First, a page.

Social-Emotional Learning and Students' Transition from Kindergarten to Primary School in Italy

Social-Emotional Learning and Students' Transition from Kindergarten to Primary School in Italy

Valeria Cavioni (University of Pavia, Italy) and Maria Assunta Zanetti (University of Pavia, Italy)
Copyright: © 2015 |Pages: 18
DOI: 10.4018/978-1-4666-7495-0.ch013

The transition from kindergarten to primary school is a critical period in the development of children. Children who start primary school with good emotional and social skills have more friends, can easily establish new social relationships with peers and adults, and adjust better and achieve more at school. Although in the last couple of decades social-emotional learning programs have received considerable scientific attention in various countries, little is known about the implementation of such programs in the Italian context. This chapter describes a quasi-experimental study on the effectiveness of the implementation of a social-emotional program with Italian kindergarten children. Children's assessment by the researcher and reports from teachers and parents indicated that the program called “By Your Hand” had a positive impact on the social and emotional competence of children over time as they moved from kindergarten to primary school, with indications of enhanced emotional competence and reduced behaviour problems.

The recommendations of the European Parliament (European Parliament, 2006) on the key competences for lifelong learning, underline that schools need to contribute actively to the development of pupils’ personal and interpersonal skills in order to promote their education as active citizens in society. Within this perspective, the school fully meets its educational quest when the curriculum promotes both cognitive and socio-emotional development, emphasising the relationships among the various social actors involved, namely pupils, teachers and parents/carers.

Over the last few decades, various studies have been carried out on how schools may address this issue effectively by means of ‘social and emotional learning’ (SEL). The Collaborative for Academic, Social, and Emotional Learning (CASEL, 2012) defines SEL as the process of developing the ability to recognise and manage emotions, develop care and concern for others, make responsible decisions, establish positive relationships, and handle challenging situations effectively.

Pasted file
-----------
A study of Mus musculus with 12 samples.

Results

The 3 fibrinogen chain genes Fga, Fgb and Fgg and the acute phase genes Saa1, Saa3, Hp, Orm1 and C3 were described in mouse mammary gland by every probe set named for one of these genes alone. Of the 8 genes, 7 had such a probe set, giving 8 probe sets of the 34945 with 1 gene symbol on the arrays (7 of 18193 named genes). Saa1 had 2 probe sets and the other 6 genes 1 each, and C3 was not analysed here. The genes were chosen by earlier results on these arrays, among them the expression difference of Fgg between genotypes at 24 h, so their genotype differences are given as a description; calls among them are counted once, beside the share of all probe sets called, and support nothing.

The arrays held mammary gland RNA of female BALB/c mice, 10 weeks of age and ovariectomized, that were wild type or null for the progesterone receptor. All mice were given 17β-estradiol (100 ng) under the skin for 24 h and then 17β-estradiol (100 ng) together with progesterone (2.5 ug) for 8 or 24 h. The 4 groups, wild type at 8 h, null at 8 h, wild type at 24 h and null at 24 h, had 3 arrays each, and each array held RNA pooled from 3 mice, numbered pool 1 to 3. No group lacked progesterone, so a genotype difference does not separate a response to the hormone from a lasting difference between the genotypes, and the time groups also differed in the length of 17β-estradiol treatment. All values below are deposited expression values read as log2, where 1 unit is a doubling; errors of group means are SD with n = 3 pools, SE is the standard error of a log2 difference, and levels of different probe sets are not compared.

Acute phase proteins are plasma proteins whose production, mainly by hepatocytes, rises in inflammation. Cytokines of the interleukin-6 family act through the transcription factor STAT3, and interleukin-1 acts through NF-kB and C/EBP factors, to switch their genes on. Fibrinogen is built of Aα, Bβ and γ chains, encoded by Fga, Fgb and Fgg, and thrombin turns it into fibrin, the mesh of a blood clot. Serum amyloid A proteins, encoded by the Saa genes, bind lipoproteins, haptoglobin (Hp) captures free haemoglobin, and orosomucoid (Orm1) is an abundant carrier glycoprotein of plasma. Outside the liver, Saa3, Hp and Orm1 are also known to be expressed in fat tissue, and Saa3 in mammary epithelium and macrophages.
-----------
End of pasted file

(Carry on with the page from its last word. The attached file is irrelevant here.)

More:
Various SEL initiatives have been organised across the world, including the USA (CASEL) Australia (KidsMatter) and the UK (SEAL). The Fundación Marcelino Botín Reports (2008, 2011, 2013) published various case studies from various countries in Europe and across the world on how different countries are addressing SEL in schools. Although these reports provide details concerning national social-emotional programs in several European countries such as England, Sweden, Holland, Spain and Germany, Italy has not yet been included in these studies and until now very little has been written on this subject in Italy.

The guidelines “Indicazioni nazionali per il curricolo della scuola dell’infanzia e del primo ciclo d’istruzione” (MIUR, 2012) issued by the Italian Ministry of Education state:

At the end of the three-year course of kindergarten, it is reasonable to expect that every child has developed some basic skills that structure his/her personal growth: […] to recognise and express emotions, to be aware of his/her own and others’ desires and fears, to share experiences and games, […], to cope with conflicts and start to recognize behavioural rules (p. 23).

The teaching of social-emotional learning in Italy, however, is not included in the national curriculum, and only recently has there been any interest in developing SEL programs in schools, focusing on emotional expression (Cavioni, Zanetti, & Renati, 2012; Grazzani Gavazzi, Ornaghi, & Antoniotti, 2011; Francescato, Putton, & Cudini, 1989; Francescato, Putton, De Gennaro, & Pirri, 1995); emotional competence (Ornaghi, Piralli, & Cherubin, 2013); emotional language development (Ornaghi, Brockmeier, & Grazzani, 2014; Ornaghi & Grazzani, 2013; Ornaghi, Grazzani, & Piralli, 2011); emotion regulation (Di Pietro, 2000); and empathy, prosocial behaviour and social skills (Bulgarelli, et al., 2013; Morganti, 2012).